I’m a huge fan of football round kind. Every four years, I take the time to follow the FIFA World Cup and keep tags on nearly all the 32 teams that start off.
The FIFA tournament funnels large, geographically disperse audiences onto relatively few events (if compared to more spread-out calendars like the Olympics’). We are barely mid-way and am already seeing the World Cup matches making “dents” to our e-commerce traffic traces, starting with the national-level traces. Their W shape clearly marks the first half of a match (traffic is significantly depressed for 45 minutes), then the interval (traffic way, way up), and the second half (traffic down again for some 45 minutes more). Italy was the country showing the most pronounced dents among the ones that I surveyed (but no more of that, given their early toss out). The colleagues in the NOC must be aware of this happening and tease these symptoms apart from, say, a problem with backbone routers.
As the tournament progresses, those dents surface from a national-level to a super-national level (e.g., pan-European level). Eventually, they will make an appearance in the world-wide roll-up of all traces once semi-finals or finals take place. That will be the pulse of a planet. This year only, let’s call it the WWWzela effect
It’s interesting to debate whether these dents in the traces will be more or less pronounced compared to 4 years back. Several factors tip my expectations up or down:
(+) increasingly, Internet access is a commodity and overall traffic grows at a good clip year over year, worldwide;
(+) online content has grown manifold too, giving folks more reasons to be online before/after a match (e.g., sports commentaries, friends and family chats, etc.);
(+) the application bias is more significant, meaning that (say) social web features and e-commerce features will exhibit different levels of perturbation before/during/after match;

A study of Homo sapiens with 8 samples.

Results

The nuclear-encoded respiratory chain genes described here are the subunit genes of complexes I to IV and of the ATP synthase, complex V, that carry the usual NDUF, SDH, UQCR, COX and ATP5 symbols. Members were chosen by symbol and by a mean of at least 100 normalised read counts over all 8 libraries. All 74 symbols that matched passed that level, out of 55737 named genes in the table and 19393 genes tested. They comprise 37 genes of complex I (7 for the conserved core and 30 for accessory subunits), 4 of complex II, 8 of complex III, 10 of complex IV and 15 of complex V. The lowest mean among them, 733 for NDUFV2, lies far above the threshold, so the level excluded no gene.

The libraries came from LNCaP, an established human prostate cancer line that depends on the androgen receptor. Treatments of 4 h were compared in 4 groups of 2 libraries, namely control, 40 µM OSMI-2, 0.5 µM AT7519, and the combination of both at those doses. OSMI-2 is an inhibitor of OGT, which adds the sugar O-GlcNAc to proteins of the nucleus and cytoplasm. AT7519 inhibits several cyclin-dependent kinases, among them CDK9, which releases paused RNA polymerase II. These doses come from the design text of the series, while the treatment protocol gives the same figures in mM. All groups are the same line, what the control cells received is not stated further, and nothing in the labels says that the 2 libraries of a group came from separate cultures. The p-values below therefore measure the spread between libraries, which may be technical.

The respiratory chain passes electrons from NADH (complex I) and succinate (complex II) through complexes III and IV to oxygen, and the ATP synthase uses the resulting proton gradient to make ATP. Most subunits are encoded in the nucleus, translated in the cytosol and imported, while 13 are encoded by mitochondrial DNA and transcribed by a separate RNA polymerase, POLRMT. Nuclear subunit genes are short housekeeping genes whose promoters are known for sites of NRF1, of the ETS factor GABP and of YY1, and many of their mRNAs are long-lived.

(-) compliments of wifi, smartphones, etc., more audiences are untethered and can now multi-task effectively during a match;
(-) DVRs, VOD, web video services are making tape-delay more practical than ever, thus eroding synchronization effects around any timed event.
Now, for another scaling dimension…
Some eleven basketball courts or so can be tiled over a soccer pitch. Yet, there is a single referee in a pro soccer match vs. three referees in a NBA match. Isn’t this a blatant scaling anomaly? Yes, it surely sounds like, though it’s basketball that got it wrong! As Ed Felten aptly puts it, the soccer rules are designed to scale way down and give any amateurs’ team the thrill of playing a match with precisely the same rules that the pros use. Nowhere is this more evident than in Brazil, where I can easily see legions of footballers of all ages and skillsets totally at ease with football’s minimalist prerequisites and ways to officiate a match. There will always be blatant mistakes by referees (oops, I just saw one today morning). In absence of malice and conspiracy, they will even out, despite the immediate heartburns. That’s pretty good scaling to me.